The focus in the degree programme in Information Studies is on the interaction between people and information technology. You learn how organisations function and how to integrate IT in organisations. You also learn how to improve communication both internally and externally in companies and organisations and how to design user-friendly programmes.
The Master’s degree programme in Information Studies teaches you a number of analytical and practical tools and skills in the following areas: organisational theory, communication theory, society and business from a commercial and technological-historical perspective, theories about design, system development and programming, and learning theories. You therefore become able to work as a consultant or project manager in the public and private sectors.
The teaching in the Master’s degree programme in Information Studies is largely based on project and group work where you work with cases and empirical data. In the projects, you work with examples from the business community and thus make contact with both private sector companies and public institutions. Many students also choose to undertake project-oriented training, i.e. an internship, as part of their degree programme.
Information Studies is divided into three Tracks: Track A, Track B and Track C.
Track A is for students with a Bachelor’s degree with a major in Information Studies (i.e. the first two years of the Bachelor’s degree). In Track A, you have an opportunity to customise your degree programme and create an individual competence profile you can use in the business community or the public sector where Information Studies graduates are in demand. Examples are communication, design and programming of IT systems or organisational development.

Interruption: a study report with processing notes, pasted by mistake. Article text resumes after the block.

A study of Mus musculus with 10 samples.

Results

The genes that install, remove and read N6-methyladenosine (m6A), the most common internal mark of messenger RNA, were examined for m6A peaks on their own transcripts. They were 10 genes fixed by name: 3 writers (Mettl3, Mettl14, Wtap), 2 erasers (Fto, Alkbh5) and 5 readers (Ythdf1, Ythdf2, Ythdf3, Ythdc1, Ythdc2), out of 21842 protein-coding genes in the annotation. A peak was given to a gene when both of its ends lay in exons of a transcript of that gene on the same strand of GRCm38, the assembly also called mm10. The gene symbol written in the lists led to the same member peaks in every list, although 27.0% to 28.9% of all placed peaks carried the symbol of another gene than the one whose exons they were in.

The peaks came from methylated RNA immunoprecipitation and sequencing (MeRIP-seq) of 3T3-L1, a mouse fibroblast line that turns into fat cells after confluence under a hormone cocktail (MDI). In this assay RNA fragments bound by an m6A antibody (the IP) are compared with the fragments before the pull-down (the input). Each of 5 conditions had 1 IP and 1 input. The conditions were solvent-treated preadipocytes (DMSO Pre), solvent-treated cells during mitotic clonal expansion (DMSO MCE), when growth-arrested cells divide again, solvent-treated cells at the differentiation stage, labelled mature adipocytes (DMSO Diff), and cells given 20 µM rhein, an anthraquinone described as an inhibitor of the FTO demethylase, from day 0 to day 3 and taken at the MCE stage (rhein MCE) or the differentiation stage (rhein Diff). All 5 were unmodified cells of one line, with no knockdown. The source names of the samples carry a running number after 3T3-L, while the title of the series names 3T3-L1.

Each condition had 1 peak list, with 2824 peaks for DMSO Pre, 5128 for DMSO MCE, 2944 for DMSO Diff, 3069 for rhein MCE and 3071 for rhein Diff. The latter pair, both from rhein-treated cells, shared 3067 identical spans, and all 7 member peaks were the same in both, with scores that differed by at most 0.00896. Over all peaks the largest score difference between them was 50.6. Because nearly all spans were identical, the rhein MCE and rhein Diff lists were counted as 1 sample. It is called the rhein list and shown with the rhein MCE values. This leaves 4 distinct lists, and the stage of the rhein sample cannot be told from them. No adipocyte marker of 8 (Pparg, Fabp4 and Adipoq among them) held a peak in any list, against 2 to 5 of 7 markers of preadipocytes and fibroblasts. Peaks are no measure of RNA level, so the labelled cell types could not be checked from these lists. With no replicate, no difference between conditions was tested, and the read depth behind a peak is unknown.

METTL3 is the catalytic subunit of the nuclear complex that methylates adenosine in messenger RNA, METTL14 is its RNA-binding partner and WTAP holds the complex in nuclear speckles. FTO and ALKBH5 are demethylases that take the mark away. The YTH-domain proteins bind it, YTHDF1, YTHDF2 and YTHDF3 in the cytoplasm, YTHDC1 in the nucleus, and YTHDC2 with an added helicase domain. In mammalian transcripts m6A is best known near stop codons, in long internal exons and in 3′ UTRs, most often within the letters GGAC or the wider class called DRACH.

Track B is for students with any humanistic Bachelor’s degree. Exceptions are Bachelor’s with a basic subject or supplementary subject in Information Studies or Computer Science. A Master’s degree programme in Information Studies gives you an opportunity to add new angles, theories and methodologies to your Bachelor’s degree, thus providing your studies with a vocational slant, for example within communication or organisational or systems development. You can also choose to test your academic skills by undertaking project-oriented training, i.e. an internship, in the business community.
In addition, there is a Track C for students with Information Studies as a supplementary subject who wish to complete a Master’s degree in Information Studies. Like in Track A, Track C gives you an opportunity to customise your degree and create an individual competence profile. Track C has a compulsory course during the first semester and is otherwise similar to Track A.